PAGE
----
Age brings few benefits, as far as I can see: not wisdom, not virtue, nor serenity. But what a bonus to find yourself among the ranks of septuagenarians lining up for the Covid-19 vaccine. This gift of life arrives via an automated NHS text message, amid the hospital horror-show of the TV news. Whoops of relief spread among senior friends who are due for the jab shortly: how sublimely lucky, how good to be old, as the angel of death passes over.
“Cry freedom!” said the health secretary, Matt Hancock, wooing Spectator-reading libertarians with a promise of imminent release from lockdown, once society’s most vulnerable people have been vaccinated. He’s overpromising yet again, and it’s not the official message: even Boris Johnson has managed to warn that there will be no “open sesame with a big bang”. The message for vaccinated people is to change nothing: stay home, mask up, no travel, no indoor meetings beyond your household, obey lockdown rules. No one can be 100% sure you might not still contract it, or more likely, you might not still unknowingly spread it. So there will be no oldies’ raves, at which they flaunt their privileged vaccine freedom.
That’s a good, simple public health message, one that’s easy to communicate – or it would be if all messaging hadn’t been crippled by 64 different changes to science-ignoring rules imposed too late and Dominic Cummings’ eyesight test.
But what about the sudden decision to offer just one dose, with a second 12 weeks later (probably)? Immunologists describe their visceral shock when the one-dose edict came down out of the blue from the chief medical officers and the Joint Committee on Vaccination and Immunisation. Prof Deborah Dunn-Walters, chair of the British Society of Immunology’s expert advisory panel on Covid-19, says her committee was stunned: “As scientists we felt offended: after gazillions had been spent on vaccine trials, why throw it all away?” These scientists balked at approving a single dose without thorough trials and peer-reviewed results – and some still privately object. But in this deadly emergency, “I said we just have to get over ourselves” and by a narrow margin, the committee agreed to back the single dose.
The government’s official pronouncement sounds rather more scientifically fire-proof: “Short-term vaccine efficacy from the first dose of the Pfizer-BioNTech vaccine is calculated at around 90%. Short-term vaccine efficacy from the first dose of the AstraZeneca vaccine is calculated at around 70%, with high protection against severe disease.”
But here’s the kicker, an essentially political, pragmatic, even moral decision: “Given the high level of protection afforded by the first dose, models suggest that initially vaccinating a greater number of people with a single dose will prevent more deaths and hospitalisations than vaccinating a smaller number of people with two doses.”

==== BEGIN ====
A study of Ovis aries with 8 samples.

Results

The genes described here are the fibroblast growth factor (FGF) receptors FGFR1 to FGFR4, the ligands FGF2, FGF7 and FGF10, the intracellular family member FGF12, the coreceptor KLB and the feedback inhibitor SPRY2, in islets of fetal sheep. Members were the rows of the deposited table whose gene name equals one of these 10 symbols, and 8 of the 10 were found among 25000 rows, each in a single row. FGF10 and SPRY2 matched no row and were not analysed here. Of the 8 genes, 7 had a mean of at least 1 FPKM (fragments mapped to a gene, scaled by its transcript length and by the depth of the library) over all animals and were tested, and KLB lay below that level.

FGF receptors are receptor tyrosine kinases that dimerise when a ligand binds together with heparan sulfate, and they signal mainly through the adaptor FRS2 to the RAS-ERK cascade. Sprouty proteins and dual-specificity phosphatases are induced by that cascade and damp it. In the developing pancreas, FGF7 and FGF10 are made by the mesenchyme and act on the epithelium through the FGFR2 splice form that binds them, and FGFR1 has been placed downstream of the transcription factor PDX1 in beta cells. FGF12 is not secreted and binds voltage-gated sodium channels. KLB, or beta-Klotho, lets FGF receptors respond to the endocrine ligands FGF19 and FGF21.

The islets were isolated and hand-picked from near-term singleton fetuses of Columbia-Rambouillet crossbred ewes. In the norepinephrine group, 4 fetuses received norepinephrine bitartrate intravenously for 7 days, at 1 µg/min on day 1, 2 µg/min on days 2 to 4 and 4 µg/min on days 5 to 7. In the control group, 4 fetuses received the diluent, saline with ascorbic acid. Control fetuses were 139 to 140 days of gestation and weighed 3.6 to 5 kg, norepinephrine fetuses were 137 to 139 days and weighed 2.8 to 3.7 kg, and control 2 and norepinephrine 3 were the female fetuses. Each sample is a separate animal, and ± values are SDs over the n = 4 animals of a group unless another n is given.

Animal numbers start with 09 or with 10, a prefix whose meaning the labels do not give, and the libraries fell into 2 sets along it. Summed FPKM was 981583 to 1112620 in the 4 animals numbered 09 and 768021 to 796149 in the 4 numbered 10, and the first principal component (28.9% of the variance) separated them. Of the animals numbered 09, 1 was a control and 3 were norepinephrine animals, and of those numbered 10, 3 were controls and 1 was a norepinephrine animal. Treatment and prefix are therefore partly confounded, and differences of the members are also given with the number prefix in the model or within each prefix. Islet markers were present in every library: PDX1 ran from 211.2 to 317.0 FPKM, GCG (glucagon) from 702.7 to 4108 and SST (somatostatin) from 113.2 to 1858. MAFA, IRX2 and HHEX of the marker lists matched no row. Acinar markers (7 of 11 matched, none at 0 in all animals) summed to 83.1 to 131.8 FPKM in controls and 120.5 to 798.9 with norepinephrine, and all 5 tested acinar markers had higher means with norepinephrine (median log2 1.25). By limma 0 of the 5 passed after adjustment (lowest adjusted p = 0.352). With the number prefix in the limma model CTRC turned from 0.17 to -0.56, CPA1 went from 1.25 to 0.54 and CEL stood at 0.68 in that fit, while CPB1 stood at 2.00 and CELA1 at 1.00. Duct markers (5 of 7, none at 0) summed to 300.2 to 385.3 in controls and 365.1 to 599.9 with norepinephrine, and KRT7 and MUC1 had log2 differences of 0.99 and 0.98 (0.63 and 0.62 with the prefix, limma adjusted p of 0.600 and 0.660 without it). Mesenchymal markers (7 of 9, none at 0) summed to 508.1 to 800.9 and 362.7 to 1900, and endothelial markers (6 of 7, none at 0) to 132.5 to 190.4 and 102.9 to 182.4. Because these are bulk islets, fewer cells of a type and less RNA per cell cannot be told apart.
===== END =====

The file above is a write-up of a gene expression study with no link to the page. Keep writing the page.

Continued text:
That makes good sense to me. With deaths soaring again to new highs, priority goes to staunching the flow of older and vulnerable people into overflowing hospital ICU units with shattered NHS staff. Early rationing might have prioritised all essential workers – NHS, teachers, supermarket staff, post and delivery drivers and so on. The over-70s are rarely essential (except Joe Biden, 78). But that would have caused the NHS to collapse, unless all over-70s were denied hospital beds and left to die gasping for air, a horror from which society and the NHS would never recover. As it is, there will be inquests into why care home deaths are rapidly rising again, as the government fails to vaccinate half of them. Surely, they should be easy enough people to find and jab.
However, the official public health messaging is contradictory. Even the obedient among those who have been newly vaccinated will ponder why, if a single dose is so effective, they can’t sneak out and visit other vaccinated or post-Covid family and friends. Again, there is still the risk of infection and transmission – the vaccine isn’t a guarantee against either. Some might have been alarmed at the new Israeli evidence this week showing thousands of single-dosers had become infected. It is perhaps too early to draw conclusions. But Dunn-Walters seems sanguine, suggesting that many in Israel could have had it already when injected, or might have gone out and mixed with people before waiting for the vaccine to begin to take effect over three weeks.
Perhaps those people hadn’t been told about that absolutely crucial three-week isolation time: no one in Britain is handed that information in the leaflet given out with the vaccination. Why not? “The public health message is that everyone has to behave exactly the same as before, no change,” she says. The fear is that people who are over-confident after being vaccinated will behave like the Israelis may have: even if they don’t catch it themselves they could be spreaders – and above all, they will change the culture. Seeing gangs of old people doing the wrong thing would break the communal endeavour to stay home, and younger people would rebel.
Off the record, some immunologists say all the facts should always be given out. One tells me, “I couldn’t possibly say it in public, but yes, all public health messages should be honest or eventually none of them will be believed.” Besides, the facts may change with some frightening new variant.
The problem for public health messaging is that some people never hear it: maybe a quarter never hear or read what Guardian readers might recognise as news, relying on family and friends. So only shouting loud, clear and simple messages will ever reach enough of the population to establish a Covid-safe norm. But vaccinated older people ought to observe the precautionary principle when much is unknown. And they had better behave themselves, in gratitude for this life-saver.